Proposal Title

Making Sure "Pre" Isn't "Mis": Exploring Student Disciplinary Conceptions

Proposal Abstract

The focus of this panel session will be how teacher-scholars intentionally plan for student preconceptions about different academic disciplines. Student preconceptions are important because they influence how students approach, understand, or misunderstand new knowledge and ideas. Learning will occur when student preconceptions are dealt with, by first systematically identifying and understanding the common preconceptions, and then developing techniques to help students recognize and get past them, particularly if the preconceptions are misconceptions. Nancy Chick (English) will report on her SoTL work that articulates and helps students confront the misconceptions and novice practices in literary studies. Tracy White (Biology) will report on a SoTL project which probes student preconceptions regarding the ways in which biologists evaluate evidence and addresses the problem of oversimplification of the goals and processes of science. Cary Komoto (Geography) will report on a SoTL project about understanding common student misconceptions about scientific processes in physical geography.

Full Proposal

The focus of this panel session will be how teacher-scholars intentionally plan for student preconceptions about different academic disciplines. Student preconceptions are important because they influence how students approach, understand, or misunderstand new knowledge and ideas. Learning will occur when student preconceptions are dealt with, by first systematically identifying and understanding the common preconceptions, and then developing techniques to help students recognize and get past them, particularly if the preconceptions are misconceptions. This challenge to teaching and learning exists across all disciplines and courses as students are not empty vessels, but come to courses and learning with preconceptions about how the world works. Nancy Chick (English) will report on her SoTL work that articulates and helps students confront the misconceptions and novice practices in literary studies. Tracy White (Biology) will report on a SoTL project which probes student preconceptions regarding the ways in which biologists evaluate evidence and addresses the problem of oversimplification of the goals and processes of science. Cary Komoto (Geography) will report on a SoTL project about understanding common student misconceptions about scientific processes in physical geography.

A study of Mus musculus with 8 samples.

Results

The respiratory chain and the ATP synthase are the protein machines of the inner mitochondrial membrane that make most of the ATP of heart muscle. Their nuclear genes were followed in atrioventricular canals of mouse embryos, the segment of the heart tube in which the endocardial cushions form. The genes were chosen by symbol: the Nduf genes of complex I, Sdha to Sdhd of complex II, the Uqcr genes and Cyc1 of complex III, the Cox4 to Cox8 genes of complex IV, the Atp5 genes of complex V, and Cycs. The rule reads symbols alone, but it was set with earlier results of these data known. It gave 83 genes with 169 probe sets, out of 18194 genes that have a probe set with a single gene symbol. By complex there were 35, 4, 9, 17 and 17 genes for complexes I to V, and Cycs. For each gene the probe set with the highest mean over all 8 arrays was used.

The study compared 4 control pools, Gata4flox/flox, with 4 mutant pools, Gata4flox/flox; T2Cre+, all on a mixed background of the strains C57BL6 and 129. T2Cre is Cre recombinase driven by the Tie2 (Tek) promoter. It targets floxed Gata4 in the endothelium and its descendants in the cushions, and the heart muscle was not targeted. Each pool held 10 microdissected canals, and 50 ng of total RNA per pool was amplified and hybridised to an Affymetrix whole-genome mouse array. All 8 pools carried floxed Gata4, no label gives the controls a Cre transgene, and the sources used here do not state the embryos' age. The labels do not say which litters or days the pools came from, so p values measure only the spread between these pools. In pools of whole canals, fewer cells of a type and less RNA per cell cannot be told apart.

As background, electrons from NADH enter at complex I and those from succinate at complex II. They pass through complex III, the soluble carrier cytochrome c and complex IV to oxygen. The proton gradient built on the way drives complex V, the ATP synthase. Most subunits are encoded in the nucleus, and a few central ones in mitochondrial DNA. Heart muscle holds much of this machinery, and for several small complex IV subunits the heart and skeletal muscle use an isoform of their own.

Objectives of the Session

The major objective is to report on three SoTL projects that specifically focus on questions about student preconceptions. Another major objective is to assist audience members to consider student preconceptions in their disciplines and begin to think about them as SoTL projects.

Audience Involvement

Planned involvement will include discussion among the panelists and the audience. The audience will first be invited to think about preconceptions in their disciplines and consider how these may influence their students’ learning. The audience will also be invited to engage in discussion about common preconceptions in their disciplines to see if there are common preconceptions across disciplines. The audience will also be encouraged to share their experiences in investigating preconceptions and techniques for utilizing the preconceptions to assist student learning. In addition, the audience will be encouraged to ask questions during the presentation of the projects.

Audience Experience and Learning

The audience can expect that they will first learn about three SoTL projects investigating preconceptions in three different disciplines. In particular the reports will focus on systematic investigation of student preconceptions. These examples may help audience members plan and structure their own investigations into preconceptions in their disciplines.

Location

Room 2905 A/B

Publication Type and Release Option

Presentation (Open Access)


Making Sure "Pre" Isn't "Mis": Exploring Student Disciplinary Conceptions

Room 2905 A/B

The focus of this panel session will be how teacher-scholars intentionally plan for student preconceptions about different academic disciplines. Student preconceptions are important because they influence how students approach, understand, or misunderstand new knowledge and ideas. Learning will occur when student preconceptions are dealt with, by first systematically identifying and understanding the common preconceptions, and then developing techniques to help students recognize and get past them, particularly if the preconceptions are misconceptions. Nancy Chick (English) will report on her SoTL work that articulates and helps students confront the misconceptions and novice practices in literary studies. Tracy White (Biology) will report on a SoTL project which probes student preconceptions regarding the ways in which biologists evaluate evidence and addresses the problem of oversimplification of the goals and processes of science. Cary Komoto (Geography) will report on a SoTL project about understanding common student misconceptions about scientific processes in physical geography.